After their dominant finish to last season, the 2014-2015 NBA Champions return with their core nucleus still together. The Golden State Warriors have Stephen Curry, Klay Thompson, Harrison Barnes and Andrew Bogut in their starting five, the same players that led them to their victory last season. Moreover, they still have their Finals MVP and star Sixth Man, Andre Iguodala, who Jalen Rose called their “Swiss army knife” for his versatility on the court. They’re the fastest team in the league, as well as a team that knows how to move the ball. According to Rose, the average Warrior holds the ball for 2.39 seconds, suggesting that they read the defense well and assess their strategies carefully. Most of the teams they faced in the playoffs last season were missing a starting player due to injuries, but the Warriors were healthy as ever. Many question if they will be as lucky this year. With their excellent ball-handling, their communication and their 3-point shooters, maybe they won’t need luck.
People love to hate on Lebron, but we’ve got to give him (and the Cavs) credit where credit is due. If the Cavs can first make it to the NBA finals, and second hold their own against last year’s Warriors, who were inarguably a better ball team at the time, they can do even better with all their key players healthy. They played without Kevin Love or Kyrie Irving, key players that could have potentially made a great difference in the outcome of the series. Irving is still out, but Love is back, and determined to make a great impact. Furthermore, center Timofey Mozgov proved valuable during last year’s finals; the Cavs won 76 percent of the games he started. With a strong Western Conference, the Cavs only have to beat one of those top contending teams to win the title.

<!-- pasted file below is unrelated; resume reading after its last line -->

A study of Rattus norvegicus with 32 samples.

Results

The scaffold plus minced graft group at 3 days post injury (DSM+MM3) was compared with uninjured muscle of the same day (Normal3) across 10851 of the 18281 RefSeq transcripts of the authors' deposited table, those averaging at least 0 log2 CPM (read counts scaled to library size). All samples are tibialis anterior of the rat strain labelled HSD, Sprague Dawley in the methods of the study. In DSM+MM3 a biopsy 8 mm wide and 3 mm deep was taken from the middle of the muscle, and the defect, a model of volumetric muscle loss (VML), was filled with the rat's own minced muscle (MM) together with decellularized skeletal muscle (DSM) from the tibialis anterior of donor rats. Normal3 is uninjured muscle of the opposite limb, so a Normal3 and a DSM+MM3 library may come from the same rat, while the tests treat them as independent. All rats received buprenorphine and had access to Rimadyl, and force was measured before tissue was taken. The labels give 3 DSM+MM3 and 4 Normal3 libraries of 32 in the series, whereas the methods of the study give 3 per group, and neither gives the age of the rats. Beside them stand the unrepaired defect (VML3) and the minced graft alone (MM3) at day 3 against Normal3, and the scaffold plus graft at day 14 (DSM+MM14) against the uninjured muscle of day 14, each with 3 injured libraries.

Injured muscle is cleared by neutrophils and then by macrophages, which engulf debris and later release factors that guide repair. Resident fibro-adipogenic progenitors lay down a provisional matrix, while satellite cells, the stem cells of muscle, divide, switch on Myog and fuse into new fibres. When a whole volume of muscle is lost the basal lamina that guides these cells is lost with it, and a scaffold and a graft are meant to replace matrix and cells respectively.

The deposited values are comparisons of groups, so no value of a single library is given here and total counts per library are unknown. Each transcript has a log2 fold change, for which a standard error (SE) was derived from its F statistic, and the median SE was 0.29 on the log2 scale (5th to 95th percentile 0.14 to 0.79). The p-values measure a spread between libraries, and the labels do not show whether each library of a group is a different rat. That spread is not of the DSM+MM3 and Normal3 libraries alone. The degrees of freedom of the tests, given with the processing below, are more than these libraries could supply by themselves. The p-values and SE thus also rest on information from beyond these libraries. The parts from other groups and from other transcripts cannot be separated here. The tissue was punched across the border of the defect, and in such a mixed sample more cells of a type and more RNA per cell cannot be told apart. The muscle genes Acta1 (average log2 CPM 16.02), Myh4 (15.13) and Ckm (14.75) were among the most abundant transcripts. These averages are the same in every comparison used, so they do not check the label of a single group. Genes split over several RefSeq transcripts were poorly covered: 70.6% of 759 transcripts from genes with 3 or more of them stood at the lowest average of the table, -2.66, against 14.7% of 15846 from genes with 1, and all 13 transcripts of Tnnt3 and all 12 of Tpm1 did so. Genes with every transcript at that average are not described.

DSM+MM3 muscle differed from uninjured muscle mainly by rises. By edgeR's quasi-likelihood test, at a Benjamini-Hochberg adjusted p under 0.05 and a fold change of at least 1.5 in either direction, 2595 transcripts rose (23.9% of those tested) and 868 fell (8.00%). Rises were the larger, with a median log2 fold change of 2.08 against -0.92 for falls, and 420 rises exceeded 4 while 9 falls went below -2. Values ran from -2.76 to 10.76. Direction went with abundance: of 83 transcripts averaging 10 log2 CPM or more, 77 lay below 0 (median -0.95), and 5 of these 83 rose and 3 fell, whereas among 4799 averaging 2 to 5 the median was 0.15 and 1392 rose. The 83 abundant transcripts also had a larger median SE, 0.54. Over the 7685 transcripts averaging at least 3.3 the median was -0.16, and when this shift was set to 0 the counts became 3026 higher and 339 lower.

Critics and analysts are saying this might be the Thunder’s most important season yet. This is Kevin Durant’s last season before his pending free agency. Unfortunately for them, Kevin Durant, 2013-2014 MVP, was riddled with foot, ankle and toe injuries for almost all of last season. Now, it’s been almost seven months since Durant underwent his last foot surgery. The Thunder also have Russell Westbrook and Serge Ibaka back together and injury-free, perhaps one of the strongest trios in the NBA today (or even, all days). Zach Lowe of Grantland even noted that after trading Harden, the Thunder have never lost a playoff series when all three of these players are healthy for its duration. People are worried that this Durant won’t be the Kevin Durant they knew and saw pre-foot surgeries (he had three surgeries on his foot in 167 days). But if this Friday’s game against the Thunder has shown anything, it’s that Durant is back, Durant’s foot is back and the Thunder are already killing it. Against the Magic in overtime, both Durant and Westbrook dominated, scoring over 40 points a piece, a feat that hasn’t happened since Michael Jordan and Scottie Pippen balled it up way back when.
The Rockets’ key addition of Ty Lawson can reshape the way they play this year. The duo of Lawson, one of the NBA’s leaders in assists, and James Harden may bring a strong offense that will scare away weaker defensive teams. With Lawson around, Harden has less of the burden to be the playmaker and carry the team’s offense, so hopefully he won’t get burned out at the end of games like he did in the playoffs last year. Plus, if Dwight Howard is healthy and plays as best as he could, they’ll have a stellar defense as well. Dwight has proved to be pivotal in the Rockets’ rebounding; when he was injured last year, the Rockets ranked 28th in rebounds. Trevor Ariza and Patrick Beverly, also starters, have proved to be ferocious defenders as well. The Rockets have reshaped themselves to their advantage, a strong, dynamic team that will shake the ever shifting balance of power in this young league.